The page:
Climate science breakthroughs win physics Nobel

Three scientists have been awarded the 2021 Nobel Prize in Physics for their work to understand complex systems such as the Earth’s climate.

Syukuro Manabe, Klaus Hassellmann and Giorgio Parisi were announced as this year’s winners at a news conference in Stockholm.

The winners will share the prize money of 10 million krona (£842,611).

The Swedish industrialist Alfred Nobel founded the prizes in his will, written a year before his death in 1896.

A total of 218 individuals have now won the physics prize since it was first awarded in 1901.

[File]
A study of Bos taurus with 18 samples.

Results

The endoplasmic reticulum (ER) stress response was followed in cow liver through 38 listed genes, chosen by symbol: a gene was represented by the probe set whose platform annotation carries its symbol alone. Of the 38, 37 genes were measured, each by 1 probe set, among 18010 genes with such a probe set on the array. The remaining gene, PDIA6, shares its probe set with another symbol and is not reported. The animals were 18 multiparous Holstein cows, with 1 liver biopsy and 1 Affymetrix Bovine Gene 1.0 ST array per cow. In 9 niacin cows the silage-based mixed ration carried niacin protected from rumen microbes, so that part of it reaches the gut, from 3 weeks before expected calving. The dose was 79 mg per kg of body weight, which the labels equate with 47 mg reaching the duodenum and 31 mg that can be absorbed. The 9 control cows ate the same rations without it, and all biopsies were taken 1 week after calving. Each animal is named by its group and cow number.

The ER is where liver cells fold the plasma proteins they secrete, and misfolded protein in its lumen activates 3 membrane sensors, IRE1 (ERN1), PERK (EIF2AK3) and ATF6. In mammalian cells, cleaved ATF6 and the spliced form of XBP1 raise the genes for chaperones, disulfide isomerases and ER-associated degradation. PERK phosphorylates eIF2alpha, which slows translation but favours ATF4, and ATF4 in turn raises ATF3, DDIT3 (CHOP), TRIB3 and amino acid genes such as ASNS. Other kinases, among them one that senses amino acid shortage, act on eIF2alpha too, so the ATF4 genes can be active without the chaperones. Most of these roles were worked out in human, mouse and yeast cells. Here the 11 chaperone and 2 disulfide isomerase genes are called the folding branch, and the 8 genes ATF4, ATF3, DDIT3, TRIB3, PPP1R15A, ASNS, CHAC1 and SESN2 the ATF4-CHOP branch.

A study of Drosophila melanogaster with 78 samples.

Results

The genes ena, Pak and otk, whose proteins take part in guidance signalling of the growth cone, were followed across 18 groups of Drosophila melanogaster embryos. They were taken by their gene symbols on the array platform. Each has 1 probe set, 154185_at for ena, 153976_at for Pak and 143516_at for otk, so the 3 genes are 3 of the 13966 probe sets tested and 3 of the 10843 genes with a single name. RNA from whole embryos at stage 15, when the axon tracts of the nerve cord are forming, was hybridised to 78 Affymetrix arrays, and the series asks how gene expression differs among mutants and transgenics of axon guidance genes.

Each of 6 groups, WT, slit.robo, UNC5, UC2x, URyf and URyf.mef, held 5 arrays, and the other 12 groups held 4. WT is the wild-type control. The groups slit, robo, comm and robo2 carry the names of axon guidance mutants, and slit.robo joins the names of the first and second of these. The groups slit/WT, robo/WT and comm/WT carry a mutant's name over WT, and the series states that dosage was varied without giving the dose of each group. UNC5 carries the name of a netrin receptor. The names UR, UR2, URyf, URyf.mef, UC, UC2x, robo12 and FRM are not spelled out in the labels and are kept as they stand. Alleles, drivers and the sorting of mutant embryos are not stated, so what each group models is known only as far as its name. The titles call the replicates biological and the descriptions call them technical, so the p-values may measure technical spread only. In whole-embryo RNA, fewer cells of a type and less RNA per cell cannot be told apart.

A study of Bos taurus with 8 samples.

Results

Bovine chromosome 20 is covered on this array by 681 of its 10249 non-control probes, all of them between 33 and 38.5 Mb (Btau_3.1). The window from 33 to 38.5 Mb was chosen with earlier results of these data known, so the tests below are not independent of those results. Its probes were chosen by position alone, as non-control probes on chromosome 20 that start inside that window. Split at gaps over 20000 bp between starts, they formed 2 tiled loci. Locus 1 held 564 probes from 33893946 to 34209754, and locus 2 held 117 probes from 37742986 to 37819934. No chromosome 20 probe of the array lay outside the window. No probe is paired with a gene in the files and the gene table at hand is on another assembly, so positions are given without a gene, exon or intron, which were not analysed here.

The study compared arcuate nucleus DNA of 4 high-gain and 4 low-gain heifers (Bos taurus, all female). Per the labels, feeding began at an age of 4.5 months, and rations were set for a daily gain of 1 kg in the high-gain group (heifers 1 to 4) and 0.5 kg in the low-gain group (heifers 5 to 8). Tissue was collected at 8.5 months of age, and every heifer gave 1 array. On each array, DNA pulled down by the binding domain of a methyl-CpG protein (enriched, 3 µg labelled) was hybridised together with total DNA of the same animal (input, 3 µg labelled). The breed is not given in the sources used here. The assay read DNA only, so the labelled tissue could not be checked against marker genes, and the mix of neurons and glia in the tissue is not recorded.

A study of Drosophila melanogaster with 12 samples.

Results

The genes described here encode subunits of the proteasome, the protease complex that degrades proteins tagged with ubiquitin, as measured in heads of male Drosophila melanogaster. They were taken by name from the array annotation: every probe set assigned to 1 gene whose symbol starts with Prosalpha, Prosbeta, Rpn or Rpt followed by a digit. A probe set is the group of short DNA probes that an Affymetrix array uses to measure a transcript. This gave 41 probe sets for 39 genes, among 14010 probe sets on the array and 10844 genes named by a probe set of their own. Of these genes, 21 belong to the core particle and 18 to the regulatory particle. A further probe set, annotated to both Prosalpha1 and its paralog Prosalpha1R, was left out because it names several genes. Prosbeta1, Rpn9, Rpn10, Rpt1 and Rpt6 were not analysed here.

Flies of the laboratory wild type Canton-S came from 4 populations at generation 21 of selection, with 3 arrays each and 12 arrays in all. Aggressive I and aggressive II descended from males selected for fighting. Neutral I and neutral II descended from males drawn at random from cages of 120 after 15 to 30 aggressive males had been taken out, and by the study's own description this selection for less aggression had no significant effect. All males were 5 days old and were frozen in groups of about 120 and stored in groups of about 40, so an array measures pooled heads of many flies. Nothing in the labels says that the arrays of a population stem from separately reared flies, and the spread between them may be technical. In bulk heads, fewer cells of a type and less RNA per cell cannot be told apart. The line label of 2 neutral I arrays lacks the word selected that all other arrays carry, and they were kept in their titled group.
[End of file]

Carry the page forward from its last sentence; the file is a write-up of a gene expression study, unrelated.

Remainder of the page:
Only four of these laureates have been women. One physicist, John Bardeen, won the prize twice – in 1956 and 1972.

Previous winners of the Nobel Prize in Physics

  • 2020 – Sir Roger Penrose, Reinhard Genzel and Andrea Ghez received the prize for their work on the nature of black holes.
  • 2019 – James Peebles, Michel Mayor and Didier Queloz shared the prize for ground-breaking discoveries about the Universe.
  • 2018 – Donna Strickland, Arthur Ashkin and Gerard Mourou were awarded the prize for their discoveries in the field of laser physics.
  • 2017 – Rainer Weiss, Kip Thorne and Barry Barish earned the award for the detection of gravitational waves.
  • 2016 – David Thouless, Duncan Haldane and Michael Kosterlitz shared the award for their work on rare phases of matter.
  • 2015 – Takaaki Kajita and Arthur McDonald were awarded the prize the discovery that neutrinos switch between different “flavours”.